The first weekend in September we went to Lausanne, to visit a young friend who works there. We stayed in Ouchy, on the lakeside, which was busy on Friday evening when we arrived. We spent Saturday visiting La Chaux de Fonds, which is the main centre for Swiss watch making. We last visited La Chaux de Fonds about 20 or so years ago, while staying in a gite in the Franche Comte area, just over the border. The town seemed to be much brighter and more lovely this visit, possibly having benefited from the success of the Swiss watch industry. We paid homage to this by spending some time at the Musee International d' Horologie, which is a fascinating place. The following day we visited a couple of buildings not usually open to the public, but that weekend were, as part of the Swiss/European "Jours de Patrimoinie"or European Heritage days. We visited a concert theatre at Vevey, which is a building site at the moment, as it is undergoing major restauration work, and we had a walk along the lakeside, past the statue of Charlie Chaplin, and also paid a short visit to the Alimentarium, a museum about food, how we taste it, digest it and so on. It has lots of interactive features, and as it was a weekend, there were plenty of families all enjoying finding out stuff about food.
Then we drove up into the mountains, to visit Leysin, to visit what was an hotel and tuberculosis sanatorium at the end of the nineteenth century and is now the Swiss Hotel Management School. Leysin is also a winter sports resort, and has beautiful south-facing views, which we could only get glimpses of through the clouds which kept drifting about. We drove back down to the lakeside via a more-or-less single track road, which at one point gave us views of Lake Geneva and the valley through which the Rhone river runs. Amazing.
Thursday, 5 September 2013
|Le Vaulmier, in the heart of the vallee du Mars|
In the Cantal, summer continues, with hot sunny day, clear blue skies and warm calm evenings, although my favourite swimming pool, open-air, is now closed. Sunday was its last open day this season, and I had the pool all to myself for at least an hour, until a family came and swam. Swallows are gathering; yesterday there were flocks of young birds flying all round the house and perching on the electricity lines, presumably practising before setting off for Africa. Life in the Val du Mars is quieter, as most of the summer visitors have left, with only a few walkers enjoying the peaceful mountains and valleys. Most of the traffic is now local farmers and others going about their daily business, and other departmental numberplates are fewer.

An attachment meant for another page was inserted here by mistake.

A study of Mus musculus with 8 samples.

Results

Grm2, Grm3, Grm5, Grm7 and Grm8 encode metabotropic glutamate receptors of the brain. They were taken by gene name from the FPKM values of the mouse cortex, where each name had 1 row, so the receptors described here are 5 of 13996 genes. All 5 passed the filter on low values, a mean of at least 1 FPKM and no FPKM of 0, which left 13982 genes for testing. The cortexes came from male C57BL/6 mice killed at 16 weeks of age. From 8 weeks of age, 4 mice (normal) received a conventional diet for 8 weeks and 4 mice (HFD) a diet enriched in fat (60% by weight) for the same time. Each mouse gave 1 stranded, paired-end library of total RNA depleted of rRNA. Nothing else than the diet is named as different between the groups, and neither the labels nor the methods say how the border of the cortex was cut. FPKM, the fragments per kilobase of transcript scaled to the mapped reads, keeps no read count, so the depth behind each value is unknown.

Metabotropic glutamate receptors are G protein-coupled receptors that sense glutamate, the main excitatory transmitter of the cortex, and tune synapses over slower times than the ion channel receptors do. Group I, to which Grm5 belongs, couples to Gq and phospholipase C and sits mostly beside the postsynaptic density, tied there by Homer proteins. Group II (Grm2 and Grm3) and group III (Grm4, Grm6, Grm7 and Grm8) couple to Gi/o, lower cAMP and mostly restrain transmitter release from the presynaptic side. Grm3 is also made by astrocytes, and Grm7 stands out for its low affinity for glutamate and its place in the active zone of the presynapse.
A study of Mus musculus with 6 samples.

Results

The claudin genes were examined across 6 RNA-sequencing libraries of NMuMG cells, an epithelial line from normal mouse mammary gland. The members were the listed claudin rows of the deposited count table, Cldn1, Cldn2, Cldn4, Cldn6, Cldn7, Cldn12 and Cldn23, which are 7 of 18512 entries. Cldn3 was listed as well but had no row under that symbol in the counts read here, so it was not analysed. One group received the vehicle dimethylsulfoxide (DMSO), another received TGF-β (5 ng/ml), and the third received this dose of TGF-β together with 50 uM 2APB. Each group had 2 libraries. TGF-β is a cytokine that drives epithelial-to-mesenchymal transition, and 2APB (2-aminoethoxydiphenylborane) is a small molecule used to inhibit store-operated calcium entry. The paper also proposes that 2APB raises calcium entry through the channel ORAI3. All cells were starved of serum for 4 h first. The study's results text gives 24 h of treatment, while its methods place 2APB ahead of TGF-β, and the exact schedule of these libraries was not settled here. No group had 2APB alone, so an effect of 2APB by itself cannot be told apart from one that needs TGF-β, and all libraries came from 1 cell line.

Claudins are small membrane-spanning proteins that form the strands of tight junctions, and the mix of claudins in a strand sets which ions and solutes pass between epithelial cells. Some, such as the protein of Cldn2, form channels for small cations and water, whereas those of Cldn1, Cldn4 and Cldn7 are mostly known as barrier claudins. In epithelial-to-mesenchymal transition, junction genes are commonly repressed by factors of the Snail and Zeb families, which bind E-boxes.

Reading still continues, however, along with decisions as to what to say about a classic novel.
Virginia Woolf's To the Lighthouse has long been called a classic, but when first published in 1927, it was its modernity that drew comment. This novel, first published in 1927, was a first read for me, despite having read other books by Virginia Woolf. I had a copy with a lengthy introduction, which I skipped, and with notes at the back, ditto. Only after reading the whole work did I dip into the notes and introduction, as when originally published, neither introduction nor notes would have been available; both are products of years of interpretation by a large variety of scholars and critics, and are useful if making an in-depth study of the work. But I think it would have been written originally for entertainment; that is to make the reader think about the events, emotions, actions of the characters she wrote about, to present a different way of expressing how other lives are lived, and how other people think and feel about what is going on around them, while participating in those same events. That at least is the effect that reading this story of the Ramsay family and their guests, on two different summer days, had on me. This is a book which I will probably re-read. Alongside To the Lighthouse, I've also been reading A Writer's Diary:being extracts from the Diaries of Virginia Woolf, the one-volume edition recently republished by Persephone Books. Reading the two together certainly gave me a lot more insight into what Virginia Woolf was trying to achieve in her novels, and other writing, and the sheer hard work she did to obtain the effects she sought.